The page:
Electric Car Makers to Benefit From Extension of NEV Rebate Program
China’s Ministry of Finance said it would continue the rebates for cleaner energy vehicles through 2020.
China offered a boost to the country's burgeoning electric and hybrid car industries with its recent announcement that it would continue its rebate program for so-called new energy vehicles (NEVs).
China's Ministry of Finance said last week that it would extend the rebates on purchases of NEVs through 2020. The rebates were scheduled to expire at the end of the year.
NEV sales rose a whopping 51 percent over the first 11 months of 2017 and were likely to reach their target of 700,000 vehicles for the full year. But observers of cleaner energy cars had worried that without incentives, consumer demand for these vehicles would lose momentum, and that the government should continue its financial support.
Electric car manufacturers sold 645,000 plug-in, electric vehicles in 2016 in China, more than any other country. With the world's largest population and a growing middle class, the market has a potentially unmatched upside. China has also shifted its focus to cleaner energy products amidst a larger effort to improve its air quality.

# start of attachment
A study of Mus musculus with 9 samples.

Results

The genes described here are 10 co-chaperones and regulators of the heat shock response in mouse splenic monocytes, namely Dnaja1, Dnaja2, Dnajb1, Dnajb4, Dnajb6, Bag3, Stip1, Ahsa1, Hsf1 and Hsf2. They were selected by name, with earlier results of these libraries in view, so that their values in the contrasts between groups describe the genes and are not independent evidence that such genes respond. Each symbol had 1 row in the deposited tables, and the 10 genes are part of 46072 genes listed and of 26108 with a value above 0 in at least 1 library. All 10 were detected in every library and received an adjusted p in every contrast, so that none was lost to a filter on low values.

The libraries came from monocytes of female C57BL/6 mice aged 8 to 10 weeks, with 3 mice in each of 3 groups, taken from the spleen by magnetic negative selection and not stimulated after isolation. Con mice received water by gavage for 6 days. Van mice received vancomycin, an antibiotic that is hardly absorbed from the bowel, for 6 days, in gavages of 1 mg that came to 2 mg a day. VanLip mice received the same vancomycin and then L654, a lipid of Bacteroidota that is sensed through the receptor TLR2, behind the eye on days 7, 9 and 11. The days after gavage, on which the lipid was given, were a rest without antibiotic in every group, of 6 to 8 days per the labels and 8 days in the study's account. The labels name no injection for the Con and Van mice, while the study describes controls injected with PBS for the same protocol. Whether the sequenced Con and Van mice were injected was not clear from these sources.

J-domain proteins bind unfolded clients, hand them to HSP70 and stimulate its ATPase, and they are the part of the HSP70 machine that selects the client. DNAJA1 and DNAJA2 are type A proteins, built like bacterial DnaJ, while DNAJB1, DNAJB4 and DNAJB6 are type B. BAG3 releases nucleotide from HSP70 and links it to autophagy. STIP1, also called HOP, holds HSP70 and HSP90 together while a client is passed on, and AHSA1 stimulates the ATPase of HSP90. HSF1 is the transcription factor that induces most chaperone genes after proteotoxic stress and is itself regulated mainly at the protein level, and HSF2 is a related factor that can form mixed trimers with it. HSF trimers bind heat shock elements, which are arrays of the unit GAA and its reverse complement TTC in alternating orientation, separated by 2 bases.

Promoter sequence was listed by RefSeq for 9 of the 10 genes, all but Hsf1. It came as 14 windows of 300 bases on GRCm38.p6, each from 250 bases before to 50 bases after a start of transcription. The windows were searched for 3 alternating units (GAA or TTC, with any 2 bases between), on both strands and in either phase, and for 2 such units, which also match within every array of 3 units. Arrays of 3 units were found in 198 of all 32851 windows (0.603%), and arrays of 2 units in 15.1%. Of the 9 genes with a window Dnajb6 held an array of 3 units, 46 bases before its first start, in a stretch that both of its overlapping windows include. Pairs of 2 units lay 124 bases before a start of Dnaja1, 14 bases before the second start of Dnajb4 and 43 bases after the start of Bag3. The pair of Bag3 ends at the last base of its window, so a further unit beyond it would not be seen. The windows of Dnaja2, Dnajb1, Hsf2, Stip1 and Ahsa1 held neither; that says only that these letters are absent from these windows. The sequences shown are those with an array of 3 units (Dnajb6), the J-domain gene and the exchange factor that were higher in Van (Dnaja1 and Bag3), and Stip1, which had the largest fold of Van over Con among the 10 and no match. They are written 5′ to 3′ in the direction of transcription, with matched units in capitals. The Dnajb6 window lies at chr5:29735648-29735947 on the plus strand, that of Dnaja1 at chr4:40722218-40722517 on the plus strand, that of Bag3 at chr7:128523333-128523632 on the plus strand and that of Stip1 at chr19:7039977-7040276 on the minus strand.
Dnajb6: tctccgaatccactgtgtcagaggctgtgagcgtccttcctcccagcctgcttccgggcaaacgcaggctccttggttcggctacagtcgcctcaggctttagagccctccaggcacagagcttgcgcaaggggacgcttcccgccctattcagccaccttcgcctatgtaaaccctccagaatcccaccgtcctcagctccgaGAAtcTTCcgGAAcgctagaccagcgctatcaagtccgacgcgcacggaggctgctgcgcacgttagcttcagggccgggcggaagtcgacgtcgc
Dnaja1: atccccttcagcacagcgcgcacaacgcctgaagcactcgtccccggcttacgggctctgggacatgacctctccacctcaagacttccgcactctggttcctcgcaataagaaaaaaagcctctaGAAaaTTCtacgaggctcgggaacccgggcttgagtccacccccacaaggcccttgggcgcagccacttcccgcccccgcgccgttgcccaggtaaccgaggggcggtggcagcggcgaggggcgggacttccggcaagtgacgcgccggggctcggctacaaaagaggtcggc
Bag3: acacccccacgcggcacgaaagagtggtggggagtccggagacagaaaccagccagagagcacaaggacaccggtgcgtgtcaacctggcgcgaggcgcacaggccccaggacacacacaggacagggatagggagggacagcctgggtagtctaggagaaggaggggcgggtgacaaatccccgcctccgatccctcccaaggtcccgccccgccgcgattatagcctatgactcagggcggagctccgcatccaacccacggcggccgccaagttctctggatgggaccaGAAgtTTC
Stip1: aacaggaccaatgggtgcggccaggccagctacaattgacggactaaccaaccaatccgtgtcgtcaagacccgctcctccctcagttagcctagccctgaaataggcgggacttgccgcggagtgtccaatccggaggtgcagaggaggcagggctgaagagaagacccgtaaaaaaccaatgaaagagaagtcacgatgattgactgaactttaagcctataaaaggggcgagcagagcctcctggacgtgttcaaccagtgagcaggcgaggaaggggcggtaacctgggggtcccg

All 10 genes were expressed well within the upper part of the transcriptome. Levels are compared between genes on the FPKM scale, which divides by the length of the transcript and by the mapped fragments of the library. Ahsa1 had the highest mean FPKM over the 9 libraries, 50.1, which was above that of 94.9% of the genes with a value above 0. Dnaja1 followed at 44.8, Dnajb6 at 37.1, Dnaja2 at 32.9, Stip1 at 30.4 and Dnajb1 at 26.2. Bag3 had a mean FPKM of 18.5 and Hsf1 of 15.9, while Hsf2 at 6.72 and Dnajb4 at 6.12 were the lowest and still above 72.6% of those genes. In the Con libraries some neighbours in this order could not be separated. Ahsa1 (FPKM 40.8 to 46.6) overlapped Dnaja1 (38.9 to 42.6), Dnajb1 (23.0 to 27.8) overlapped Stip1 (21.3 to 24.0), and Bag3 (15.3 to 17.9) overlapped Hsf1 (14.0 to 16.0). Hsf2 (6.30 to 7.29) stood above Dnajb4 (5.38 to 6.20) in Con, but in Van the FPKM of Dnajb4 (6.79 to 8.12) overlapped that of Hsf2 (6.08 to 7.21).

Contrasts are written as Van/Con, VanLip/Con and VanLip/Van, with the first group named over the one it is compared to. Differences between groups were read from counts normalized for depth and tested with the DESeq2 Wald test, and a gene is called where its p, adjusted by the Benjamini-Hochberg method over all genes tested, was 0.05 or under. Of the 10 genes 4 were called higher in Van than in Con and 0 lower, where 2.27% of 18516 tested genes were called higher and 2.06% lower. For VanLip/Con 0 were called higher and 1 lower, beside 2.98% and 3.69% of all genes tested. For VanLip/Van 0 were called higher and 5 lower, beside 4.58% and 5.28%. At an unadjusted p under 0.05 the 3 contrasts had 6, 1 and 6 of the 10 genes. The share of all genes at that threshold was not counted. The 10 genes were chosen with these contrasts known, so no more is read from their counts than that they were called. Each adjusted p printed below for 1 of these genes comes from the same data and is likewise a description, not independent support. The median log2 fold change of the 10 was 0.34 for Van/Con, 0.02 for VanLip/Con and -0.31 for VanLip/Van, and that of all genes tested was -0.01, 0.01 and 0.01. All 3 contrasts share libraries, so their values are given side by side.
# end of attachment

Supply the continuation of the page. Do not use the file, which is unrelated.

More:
China's Ministry of Finance said the rebate extension would help in the "development in new energy vehicles."
In 2019, Chinese auto manufacturers must begin meeting NEV production quotas. That has sparked the launch of new NEV models and a flurry of deals to provide the technology and support systems that such vehicles require.
No fewer than six major, Chinese companies are producing electric cars, including BYD Co. Ltd. (OTCMKTS: BYDDF), SAIC Motor Corp Ltd., Geely Automobile Holdings Ltd., and BAIC Motor Corp Ltd. BYD shares have risen more than 30 percent this year. The company has drawn attention not only for its rapid growth in recent years, but because Warren Buffett owns a 10-percent stake in the firm.
Last week, a smaller competitor in this sector, Kandi Technologies Group Inc. (Nasdaq: KNDI), announced the purchase of Jinhua An Kao Power Technology, a Chinese battery technology manufacturer, for $3.9 million. In November, Kandi Technologies learned that government regulators had added the company's K22 model to two directories as an energy-saving vehicle. Revenues quadrupled in its most recent quarter.
Among Jinhua An Kao's products is a smart battery charging station. Kandi chairman and CEO Hu Xiaoming said the acquisition would give his company a competitive edge in delivering "more innovative products and services to our customers."